Clinical Trial
Journal Article
Research Support, Non-U.S. Gov't

OBJECTIVE: To verify the validity of measuring the levels of Mycobacterium leprae-specific anti-phenolic glycolipid (PGL)-I antibody, neopterin, a product of activated macrophages, and C-reactive protein (CRP), an acute phase protein, in serial serum samples from patients for monitoring the leprosy spectrum and reactions during the course of multi-drug treatment (MDT).

METHODS: Twenty-five untreated leprosy patients, 15 multi-bacillary (MB) and 10 paucibacillary (PB), participated. Eight patients developed reversal reaction and five developed erythema nodosum leprosum (ENL) during follow-up. The bacterial index (BI) in slit-skin smears was determined at diagnosis and blood samples collected by venipuncture at diagnosis and after 2, 4, 6 and 12 months of MDT. PGL-I antibody and neopterin were measured by enzyme-linked immunosorbent assay, whereas the CRP levels were measured by the latex agglutination method.

RESULTS: The levels of PGL-I antibodies and neopterin were higher in the sera of MB than PB patients, which correlated with the patients' BI. The serum levels of CRP did not differ significantly between the MB and PB patients. The serum levels of PGL-I and neopterin were no higher in reactional patients than non-reactional patients prone to such reactions. However, ENL patients had higher serum CRP levels than non-reactional MB patients. The serum PGL-I antibody levels declined significantly during MDT, in contrast to neopterin and CRP levels.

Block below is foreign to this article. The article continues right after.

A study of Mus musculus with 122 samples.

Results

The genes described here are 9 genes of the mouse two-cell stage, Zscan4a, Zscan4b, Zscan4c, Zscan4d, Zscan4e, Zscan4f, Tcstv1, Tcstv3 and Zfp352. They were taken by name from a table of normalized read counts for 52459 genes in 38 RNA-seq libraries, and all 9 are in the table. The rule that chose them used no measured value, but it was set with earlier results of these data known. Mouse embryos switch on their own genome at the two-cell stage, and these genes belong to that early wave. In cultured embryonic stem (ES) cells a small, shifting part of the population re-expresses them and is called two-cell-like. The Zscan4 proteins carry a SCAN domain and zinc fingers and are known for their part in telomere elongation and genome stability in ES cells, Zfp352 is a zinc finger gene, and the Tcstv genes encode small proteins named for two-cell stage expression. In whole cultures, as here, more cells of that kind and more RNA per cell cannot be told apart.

CONCLUSION: Measuring the serum levels of PGL-I antibodies and neopterin appeared to be useful in distinguishing MB from PB patients, whereas monitoring the levels of PGL-I antibodies appeared to be useful in monitoring MB patients on MDT. Measuring serum CRP, although not useful in monitoring the patients, has limited significance in detecting ENL reactional patients.